If you appeal against a Work Capability Assessment you are almost certain to win.
About three-fifths of appeal cases are successful. Decisions that are challenged but don’t make it to appeal have a lower success rate.
The Work Capability Assessment is used by the government to decide who is ‘Fit for Work’, and who can claim Employment and Support Allowance.
These tests have been controversial, and a committee of MPs has recommended that they should be fundamentally redesigned. It said they were too complex and too stressful for people taking them, with outcomes that were too simplistic.
On BBC Question time, Ken Loach said:
“We know that the Government knows it’s wrong, because if you appeal against the assessment, you will almost certainly win.”
Ken Loach, 27 October 2016
That’s not quite true, and it depends on what you count as an appeal.
If you make a formal “appeal” on a Work Capability Assessment decision, it's right that you're more likely to win than lose. The most recent data suggests that about three-fifths of appeals are successful.
The number of cases that actually make it to appeal has fallen substantially over the past few years. A higher proportion of appeals are successfully overturning the initial decision, but fewer cases are making it to that stage.
If you include “mandatory reconsiderations”, the stage required before formal appeals can be made and where the case is looked at again, the chances of overturning an initial decision look less good.
Before they can formally appeal a WCA decision, people have to apply for what’s called a ‘mandatory reconsideration’, where the Department for Work and Pensions looks at their case again.
Out of all Work Capability Assessments that were completed and had an outcome recorded between October 2013 and December 2015, 13% were disputed and went to mandatory reconsideration.
Out of all the cases that got a mandatory reconsideration, about 10% got revised. A small number of these went on to appeal, thought to be because claimants don’t agree with the revised group they are put in.
66% weren’t revised and didn’t go any further.
About 22% weren’t revised and went on to complete an appeal (DWP told us that they don't know the number that went on to appeal, only the number that completed their appeal).
So if we look at all challenges to WCA decisions, including mandatory reconsiderations and appeals, the chances of overturning an initial decision look less good, according to these figures.
About 23% of initial decisions that were challenged eventually led to a decision being overturned—so just under a quarter—compared to the three-fifths of those that make it to the appeal stage.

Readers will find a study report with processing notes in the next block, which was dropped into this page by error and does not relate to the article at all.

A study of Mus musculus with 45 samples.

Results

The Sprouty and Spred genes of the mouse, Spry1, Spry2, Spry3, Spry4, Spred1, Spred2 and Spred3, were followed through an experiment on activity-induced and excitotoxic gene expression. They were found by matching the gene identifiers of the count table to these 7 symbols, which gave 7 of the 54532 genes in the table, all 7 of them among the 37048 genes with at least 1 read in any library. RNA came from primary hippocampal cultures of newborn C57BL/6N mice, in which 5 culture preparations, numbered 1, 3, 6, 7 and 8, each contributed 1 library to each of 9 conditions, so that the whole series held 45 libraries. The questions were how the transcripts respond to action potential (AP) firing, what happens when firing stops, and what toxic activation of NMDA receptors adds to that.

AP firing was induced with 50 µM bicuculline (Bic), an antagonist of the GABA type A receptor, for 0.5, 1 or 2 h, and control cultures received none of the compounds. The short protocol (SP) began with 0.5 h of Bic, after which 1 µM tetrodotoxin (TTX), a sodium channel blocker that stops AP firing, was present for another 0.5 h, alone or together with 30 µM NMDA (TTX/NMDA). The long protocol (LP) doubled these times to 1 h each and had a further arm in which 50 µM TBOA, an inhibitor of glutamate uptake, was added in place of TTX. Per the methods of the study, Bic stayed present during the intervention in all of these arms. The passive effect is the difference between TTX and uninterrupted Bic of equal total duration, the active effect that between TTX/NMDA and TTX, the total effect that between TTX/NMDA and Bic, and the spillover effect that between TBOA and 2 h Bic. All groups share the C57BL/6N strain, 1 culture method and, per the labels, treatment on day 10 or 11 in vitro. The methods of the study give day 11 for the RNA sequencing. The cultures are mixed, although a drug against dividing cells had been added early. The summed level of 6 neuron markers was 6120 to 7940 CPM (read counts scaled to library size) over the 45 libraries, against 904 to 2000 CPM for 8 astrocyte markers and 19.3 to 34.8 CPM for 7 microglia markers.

It seems that, based on current trends, appeals are more likely to overturn a decision than mandatory reconsiderations.
This data only counts appeals completed, so it may exclude ones still in progress.
Change over time
The number of appeals against ‘Fit for Work’ judgements fell significantly in around 2013. Numbers of appeals have remained low since then.
Various reasons have been offered as to why this is, and we’re still looking for a definitive answer.
A range of respondents to an independent advisory committee to the government said that they were concerned that extra waiting time and additional complexity introduced by mandatory considerations was discouraging people from appealing a ‘fit for work’ decision. They said this was particularly the case for “vulnerable claimants”.
This doesn’t seem to explain the decline before mandatory reconsiderations came into place.
The committee’s report suggested that the decline beforehand may have been “driven by a decline in the number of people who have been determined as fit for work”.
Disability Rights UK told us that the interpretation of test regulations also became stricter and was likely to have made a difference to the number of fit for work assessments, challenges and appeals that were made.
Correction 8 November 2016
We have removed the graphs from this article. The fourth graph contained an error. It said that it showed the proportion of all fit for work assessments that were successfully appealed. In fact, it showed the proportion of all fit for work assessments that led to an appeal outcome. We also felt the graphs created confusion, given the complexity of the system.
We also incorrectly concluded that the number of appeals (measured by the date the claim for ESA was made) had started to fall in the start of 2013, which didn’t account for the time lag between the start of an ESA claim, the 13 week assessment period (which can sometimes take longer) and the time when the appeal was made. The bulk of the fall came in the spring and summer of 2013.
We also added in more detail about the outcomes of mandatory reconsiderations.
This factcheck is part of a roundup of BBC Question Time. Read the roundup.